May 17, 2005
Contact: Margey Frederick, KU Visitors Center, (785) 864-2341.

KU faculty to explore Eastern Kansas on Day 1 of 2005 Wheat State Whirlwind tour

LAWRENCE - At 7 a.m. Friday, May 20, about 40 University of Kansas faculty will board a bus at the KU Visitor Center for a whirlwind review of some highlights of economic development, history and educational institutions in communities along the state's eastern border: Kansas City, Kan.; Mine Creek battlefield near Pleasanton, Fort Scott and Iola.

May 20 is the first day of a six-day Wheat State Whirlwind tour of Kansas that provides new KU faculty members quick lessons in Kansas history, culture, economy and traditions.

In Kansas City, Kan., Darren Cook, Kansas Speedway director of facilities operations and a former KU Athletics administrator, will board the bus to give the faculty a quick overview of the speedway that opened in spring 2001 and attracts about 650,000 fans annually. The adjacent 400-acre Village West development adds to the boom for Wyandotte County attracting an estimated 7 million to 9 million visitors a year. Village West includes a major sporting goods merchandiser, a furniture store, a ballpark for the T-Bones professional baseball team, restaurants and theme hotels. An outdoor shopping plaza and a giant themed-movie theatre complex are under construction.

From the Kansas City, Kan., the bus heads south to Linn County where Arnold Schofield, recently retired historian for the Fort Scott National Historic Site, will come aboard to give the faculty a brief overview of the area's role in Bleeding Kansas. The term was borne in part from a massacre of Kansas abolitionist settlers by pro-slavery Missourians along the banks of the Marais des Cygnes River (May 19, 1858). Schofield will guide the faculty to the site near Pleasanton of the only Civil War battle in Kansas, Mine Creek in October 1864 where Union cavalry action left 300 Confederate soldiers dead and another 300 wounded.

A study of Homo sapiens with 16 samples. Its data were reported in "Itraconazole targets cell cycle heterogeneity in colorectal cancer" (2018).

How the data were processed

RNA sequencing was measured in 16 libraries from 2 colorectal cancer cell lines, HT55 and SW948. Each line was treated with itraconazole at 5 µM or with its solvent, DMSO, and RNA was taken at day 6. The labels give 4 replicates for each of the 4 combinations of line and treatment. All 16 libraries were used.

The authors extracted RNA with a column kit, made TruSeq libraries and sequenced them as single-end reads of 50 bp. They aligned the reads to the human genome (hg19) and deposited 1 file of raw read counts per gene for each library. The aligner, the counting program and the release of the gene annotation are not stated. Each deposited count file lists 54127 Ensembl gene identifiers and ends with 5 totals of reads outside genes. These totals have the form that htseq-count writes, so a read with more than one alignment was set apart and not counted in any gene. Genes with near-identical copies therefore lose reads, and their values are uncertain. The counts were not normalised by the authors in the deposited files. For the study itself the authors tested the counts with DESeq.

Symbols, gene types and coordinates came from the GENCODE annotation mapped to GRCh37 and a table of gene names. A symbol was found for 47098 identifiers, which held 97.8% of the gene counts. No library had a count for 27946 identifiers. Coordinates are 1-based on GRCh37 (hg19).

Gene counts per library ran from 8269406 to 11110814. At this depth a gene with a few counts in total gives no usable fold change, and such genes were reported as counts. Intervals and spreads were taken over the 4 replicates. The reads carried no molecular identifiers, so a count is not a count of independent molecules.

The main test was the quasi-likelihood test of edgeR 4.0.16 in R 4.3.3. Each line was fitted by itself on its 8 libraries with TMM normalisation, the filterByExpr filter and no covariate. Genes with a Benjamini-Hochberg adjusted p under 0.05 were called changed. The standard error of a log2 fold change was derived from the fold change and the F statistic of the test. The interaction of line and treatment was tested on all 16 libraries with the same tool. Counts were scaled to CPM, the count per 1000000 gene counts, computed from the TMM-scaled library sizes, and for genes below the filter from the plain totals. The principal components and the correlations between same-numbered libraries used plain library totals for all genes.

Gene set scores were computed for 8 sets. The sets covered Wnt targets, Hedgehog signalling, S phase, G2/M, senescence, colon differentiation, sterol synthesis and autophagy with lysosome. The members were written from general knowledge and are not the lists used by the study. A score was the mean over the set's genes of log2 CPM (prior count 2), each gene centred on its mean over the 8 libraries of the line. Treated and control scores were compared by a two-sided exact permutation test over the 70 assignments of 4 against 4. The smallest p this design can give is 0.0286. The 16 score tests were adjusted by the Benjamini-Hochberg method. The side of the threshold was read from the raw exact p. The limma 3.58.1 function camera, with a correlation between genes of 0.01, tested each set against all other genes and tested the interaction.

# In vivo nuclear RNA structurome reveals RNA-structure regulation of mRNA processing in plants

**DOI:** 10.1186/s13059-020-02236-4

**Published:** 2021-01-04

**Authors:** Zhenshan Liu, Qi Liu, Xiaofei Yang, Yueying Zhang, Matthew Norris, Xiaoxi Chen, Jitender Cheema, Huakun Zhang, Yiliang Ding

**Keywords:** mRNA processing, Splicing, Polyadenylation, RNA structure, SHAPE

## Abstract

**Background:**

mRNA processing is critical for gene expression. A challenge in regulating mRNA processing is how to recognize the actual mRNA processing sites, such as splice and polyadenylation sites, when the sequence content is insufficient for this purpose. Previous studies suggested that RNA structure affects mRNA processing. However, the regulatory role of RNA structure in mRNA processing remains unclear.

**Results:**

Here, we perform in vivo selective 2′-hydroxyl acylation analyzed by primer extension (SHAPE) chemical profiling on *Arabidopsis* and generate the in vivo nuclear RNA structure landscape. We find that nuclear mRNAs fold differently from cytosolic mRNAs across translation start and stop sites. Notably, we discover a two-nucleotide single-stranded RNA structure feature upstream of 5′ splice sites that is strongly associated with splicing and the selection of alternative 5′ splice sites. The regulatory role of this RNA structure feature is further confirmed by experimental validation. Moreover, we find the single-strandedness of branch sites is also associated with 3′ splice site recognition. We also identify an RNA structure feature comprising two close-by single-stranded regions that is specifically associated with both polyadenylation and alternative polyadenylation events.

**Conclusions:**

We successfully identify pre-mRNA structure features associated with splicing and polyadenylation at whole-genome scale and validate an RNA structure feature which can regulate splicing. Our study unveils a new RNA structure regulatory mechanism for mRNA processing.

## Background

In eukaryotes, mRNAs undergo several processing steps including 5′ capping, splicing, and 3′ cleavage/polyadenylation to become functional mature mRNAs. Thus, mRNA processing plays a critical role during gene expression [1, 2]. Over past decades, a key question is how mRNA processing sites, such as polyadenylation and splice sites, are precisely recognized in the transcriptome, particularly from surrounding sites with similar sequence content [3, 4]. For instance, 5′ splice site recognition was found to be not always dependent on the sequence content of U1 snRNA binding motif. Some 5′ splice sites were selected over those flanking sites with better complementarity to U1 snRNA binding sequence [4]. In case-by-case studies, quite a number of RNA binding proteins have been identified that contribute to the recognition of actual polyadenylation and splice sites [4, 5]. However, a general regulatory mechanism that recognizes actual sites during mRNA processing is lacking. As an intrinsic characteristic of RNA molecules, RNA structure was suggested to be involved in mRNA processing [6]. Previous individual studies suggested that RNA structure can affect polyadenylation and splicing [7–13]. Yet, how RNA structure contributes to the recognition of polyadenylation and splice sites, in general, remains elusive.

Traveling US Highway 69 south, the faculty will follow the route of a frontier military road that linked Fort Leavenworth established in 1827 and Fort Scott established in 1842. At 11 a.m., the faculty bus will arrive at Fort Scott National Historic Site to tour the fort that first protected trade and travel on nation's frontier and during the Civil War served as a supply depot.

At noon the faculty will meet with Fort Scott Community College administrators, President James Miesner and Admissions Director Mert Barrows, for lunch at the college, 2108 S. Horton.

While the KU faculty will learn more about the numbers of community college students who transfer to KU each year, they will also learn more about the community's efforts to rebuild after the March 11 fire that caused an estimated $10 million to $15 million in damage to the city's historic downtown. Anne Emerson, an area resident who founded Fort Scott's Good Ol' Days celebrations and serves on U.S. Sen. Sam Brownback's Pittsburg staff, will talk with the faculty at lunch about value of tourism to the area. Brenda Parsons, owner of The Kress Tea Room damaged in the fire, will cater the lunch and provide a personal view of what it means to rebuild a business.


Margey Frederick, KU Visitor Center director who co-directs the tour, said "We had planned to go to Fort Scott before the fire. We certainly wanted to show our support for the community during this difficult time by maintaining our original plans."

Don Steeples, vice provost for scholarly support and the McGee distinguished professor of geophysics, co-directs the tour with Frederick.

The Fort Scott visit will conclude with time for the faculty to explore the business district and visit in shops at 1:40 p.m. Before going downtown, the faculty will stop by Mercy Health Center, 401 Woodland Hills, Fort Scott, to view a collection of 26 photographs and five poems by Gordon Parks, the Fort Scott native who became a renowned photographer, writer, film director and musician. Parks' autobiographical novel "The Learning Tree" that he later co-produced as a major film reflects the poverty and bigotry he endured as a child in Fort Scott.

As the bus turns west to return to Lawrence for the day, the faculty will visit the Allen County Historical Museum and Old Jail Museum, an 1869 stone building, 20 South Washington St., Iola. Historian Clyde Toland, a KU alumnus, will talk with the faculty about the city's history and the museum's exhibits. Founded in 1859 and named for the daughter of a prominent settler, Iola experienced a population boom at the end of the 19th century when natural gas was discovered in the area. Iola is the county seat and home of Allen County Community College, the boyhood home of Maj. Gen. Frederick Funston (1865-1917) and the Bowlus Fine Arts Center.

At 5 p.m., the faculty return to Lawrence. After the commencement weekend at KU, the tour continues on Monday, May 23, through Friday, May 27, with stops in more than 25 cities across the state, eventually covering 1,500 miles.

On Monday May 23 the route will include stops in Topeka, Manhattan, Marysville, Belleville and Concordia.
To view photographs from previous years' tours, daily itineraries and maps of this year's route, visit the Wheat State Whirlwind Web site at www.wheatstate.ku.edu.